Different strokes for different corporate folks

Corporate art collections vary in size, medium, importance, and agenda. Deutsche Bank has one of the longest histories of corporate art collecting and is arguably one of the finest. Headquartered in Frankfurt, DB has acquired thousands of works by young and emerging artists before their prime, including Gerhard Richter, James Rosenquist, and Joan Mitchell. Incidentally, many of the works in the collection have become icons some accruing in value as much as $1 million.

I had the privilege to tour the collection located in downtown Manhattan at 60 Wall St with the Whitney Museum Contemporaries where we previewed two floors filled with art, including a special photography exhibition by Hannah Collins. In collaboration with famed chef Ferran Adrià, Collins is the first photographer to merge art and the culinary world.  As a self-proclaimed foodie, this was a delightful surprise for me but I was more interested in viewing the art on the executive floors where dual shows “Prints and Multiples” and “Original Works” were on display. Curated by Liz Christensten the shows featured an impressive selection of works on paper from the bank’s permanent collection. 

Prints are often overlooked in the art world as collectors and dealers tend to favor painting and sculpture; however, in this instance of print adulation, a few dozen of the bank’s finest prints and multiples were carefully selected from over 3,000 works in the collection and proudly displayed. On the main wall of the lobby hung five of Andy Warhol’s Ten Jews screenprints from 1980 including Martin Buber, Albert Einstein, Sarah Bernhardt, Franz Kafka, and Sigmund Freud and I wondered where the other five. As I turned around, a majestic and colorful expressionistic drawing by Eve Hesse - Untitled, 1963 – gouache and watercolor, in perfect condition hung on the opposite wall breaking up the Warhol seriality. As an early work, it is not instantly recognizable like her other works, but no less contemporary. There were other surprises, too, by Alex Katz and Imi Knoebel, who was prominently featured in the recent Art Basel Miami edition at Michael Werner Gallery.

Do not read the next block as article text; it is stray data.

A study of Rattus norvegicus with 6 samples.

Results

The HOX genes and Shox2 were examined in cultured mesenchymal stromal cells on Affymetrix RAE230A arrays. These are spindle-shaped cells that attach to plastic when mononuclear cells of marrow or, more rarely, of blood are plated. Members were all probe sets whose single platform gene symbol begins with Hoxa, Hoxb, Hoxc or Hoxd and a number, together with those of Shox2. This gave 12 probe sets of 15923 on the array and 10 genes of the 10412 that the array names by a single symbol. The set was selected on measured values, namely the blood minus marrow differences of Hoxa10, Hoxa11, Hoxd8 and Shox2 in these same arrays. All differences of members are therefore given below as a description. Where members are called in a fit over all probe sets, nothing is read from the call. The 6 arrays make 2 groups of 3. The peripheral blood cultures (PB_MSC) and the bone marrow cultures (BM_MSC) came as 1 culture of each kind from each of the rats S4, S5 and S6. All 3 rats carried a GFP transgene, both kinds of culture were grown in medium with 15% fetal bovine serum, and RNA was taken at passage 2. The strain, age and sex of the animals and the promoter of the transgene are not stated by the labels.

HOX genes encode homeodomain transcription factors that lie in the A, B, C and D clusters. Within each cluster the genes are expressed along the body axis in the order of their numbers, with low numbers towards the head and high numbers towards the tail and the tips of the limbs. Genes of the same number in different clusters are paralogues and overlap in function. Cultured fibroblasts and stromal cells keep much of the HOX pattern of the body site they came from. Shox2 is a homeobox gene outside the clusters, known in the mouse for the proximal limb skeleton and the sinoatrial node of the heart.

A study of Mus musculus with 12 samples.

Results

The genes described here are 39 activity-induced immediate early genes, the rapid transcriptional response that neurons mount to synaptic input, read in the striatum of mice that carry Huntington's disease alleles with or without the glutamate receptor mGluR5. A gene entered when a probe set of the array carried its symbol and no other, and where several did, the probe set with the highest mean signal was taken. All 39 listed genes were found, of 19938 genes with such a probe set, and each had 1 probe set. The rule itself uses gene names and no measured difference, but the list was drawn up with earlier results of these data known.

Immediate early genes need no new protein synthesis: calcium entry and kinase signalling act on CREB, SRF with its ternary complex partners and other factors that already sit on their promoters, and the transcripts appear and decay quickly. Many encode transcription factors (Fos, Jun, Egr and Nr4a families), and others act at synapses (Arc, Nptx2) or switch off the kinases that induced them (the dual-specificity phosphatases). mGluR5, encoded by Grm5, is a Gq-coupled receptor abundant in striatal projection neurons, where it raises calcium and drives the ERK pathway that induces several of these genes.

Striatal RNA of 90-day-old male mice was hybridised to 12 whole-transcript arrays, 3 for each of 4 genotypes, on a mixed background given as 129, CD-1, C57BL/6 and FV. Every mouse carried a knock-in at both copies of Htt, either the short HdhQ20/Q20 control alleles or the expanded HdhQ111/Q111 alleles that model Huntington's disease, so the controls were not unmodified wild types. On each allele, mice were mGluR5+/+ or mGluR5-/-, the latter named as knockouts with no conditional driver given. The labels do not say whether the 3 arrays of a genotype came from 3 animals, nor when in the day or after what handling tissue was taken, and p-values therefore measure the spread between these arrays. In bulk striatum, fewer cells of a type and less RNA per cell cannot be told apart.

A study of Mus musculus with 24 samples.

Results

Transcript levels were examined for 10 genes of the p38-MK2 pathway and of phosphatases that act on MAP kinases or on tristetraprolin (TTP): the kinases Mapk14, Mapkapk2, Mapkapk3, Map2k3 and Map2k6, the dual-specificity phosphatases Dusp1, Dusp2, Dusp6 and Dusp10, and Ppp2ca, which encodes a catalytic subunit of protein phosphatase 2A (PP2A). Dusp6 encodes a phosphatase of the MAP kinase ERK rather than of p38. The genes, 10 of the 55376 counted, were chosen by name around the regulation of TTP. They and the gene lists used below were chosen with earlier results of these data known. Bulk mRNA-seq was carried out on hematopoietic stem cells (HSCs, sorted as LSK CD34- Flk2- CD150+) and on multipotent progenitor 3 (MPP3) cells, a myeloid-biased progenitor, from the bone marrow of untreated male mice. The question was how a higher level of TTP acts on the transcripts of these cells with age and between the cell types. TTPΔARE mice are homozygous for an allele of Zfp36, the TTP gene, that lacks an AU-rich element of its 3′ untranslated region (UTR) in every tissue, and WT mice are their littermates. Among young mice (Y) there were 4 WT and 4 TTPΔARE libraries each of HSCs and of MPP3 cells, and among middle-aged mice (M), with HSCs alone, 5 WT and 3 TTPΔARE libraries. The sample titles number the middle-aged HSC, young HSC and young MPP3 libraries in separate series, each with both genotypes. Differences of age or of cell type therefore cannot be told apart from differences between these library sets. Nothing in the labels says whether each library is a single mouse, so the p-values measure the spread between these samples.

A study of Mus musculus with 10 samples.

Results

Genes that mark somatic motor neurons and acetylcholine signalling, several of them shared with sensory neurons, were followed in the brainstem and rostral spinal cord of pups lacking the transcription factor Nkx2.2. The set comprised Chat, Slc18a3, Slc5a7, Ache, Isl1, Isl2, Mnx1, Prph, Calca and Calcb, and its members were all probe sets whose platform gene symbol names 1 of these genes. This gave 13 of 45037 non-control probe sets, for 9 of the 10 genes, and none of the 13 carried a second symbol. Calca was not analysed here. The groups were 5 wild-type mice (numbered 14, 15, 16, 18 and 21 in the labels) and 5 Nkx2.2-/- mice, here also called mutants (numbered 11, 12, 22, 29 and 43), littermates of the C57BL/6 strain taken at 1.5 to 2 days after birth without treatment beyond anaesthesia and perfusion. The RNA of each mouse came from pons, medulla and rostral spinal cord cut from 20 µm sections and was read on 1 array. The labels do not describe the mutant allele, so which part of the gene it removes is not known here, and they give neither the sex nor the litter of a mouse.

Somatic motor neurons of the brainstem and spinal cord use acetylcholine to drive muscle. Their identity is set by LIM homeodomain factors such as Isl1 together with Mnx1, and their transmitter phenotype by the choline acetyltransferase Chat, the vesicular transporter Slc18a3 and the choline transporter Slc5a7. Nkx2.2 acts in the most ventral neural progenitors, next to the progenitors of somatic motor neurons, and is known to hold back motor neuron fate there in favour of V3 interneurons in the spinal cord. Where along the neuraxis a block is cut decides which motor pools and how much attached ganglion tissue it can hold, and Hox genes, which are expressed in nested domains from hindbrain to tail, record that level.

DB’s collection began with German-speaking artists and eventually evolved into a more international scope. The bank in the Americas in particular, focus specifically on works on paper, hence the ‘Prints and Multiples’ exhibition on the executive floor. Richard Prince’s All the Best series from 2000, for example, displayed kitschy images of semi-nude female celebrities with fake autographs. Apropo of the artist’s typical hi-lo style, Katie Holmes, Gwen Stefani, Cameron Diaz, and Denise Richards are among the young ingenues who grace the bank’s heavy wood-paneled hallway. I walked away wondering about the placement of these female sex symbols displayed within the context of a large financial institution. .

Contemporary art has distinguished Deutsche Bank since 1978. A full-time dedicated staff at each location around the world convenes semi-annually to discuss and hash out the latest matters concerning the collection. The North America branch is headed by Liz Christensen who valiantly manages all the art activities with just two assistants. Their Artwork Program includes lending to museums, acquiring, and maintaining artwork and their Exhibitions Program includes sponsoring and commissioning artists, giving awards, and curating exhibitions around the world.

Unlike most other corporate collections, however DB has most of the art on view but unfortunately not on view all the time so many historical masterworks are kept away from public view. However, the bank has embraced the 21st century and is working on developing an app, a virtual reality program that can be downloaded where viewers can “walk” around all the floors and preview the art much like you can did when you visited the VIP art fair. The bank also has a dedicated magazine called DB ArtMag to cover their artists – another example of their commitment.

I left hungry for more art and with a feeling of justice, in a way. Having Deutsche Bank recognize and actively support prints and works on paper as an estimable and essential medium in the art world will hopefully change people’s perception about limited editions and help breakdown misconceptions about its artistic value.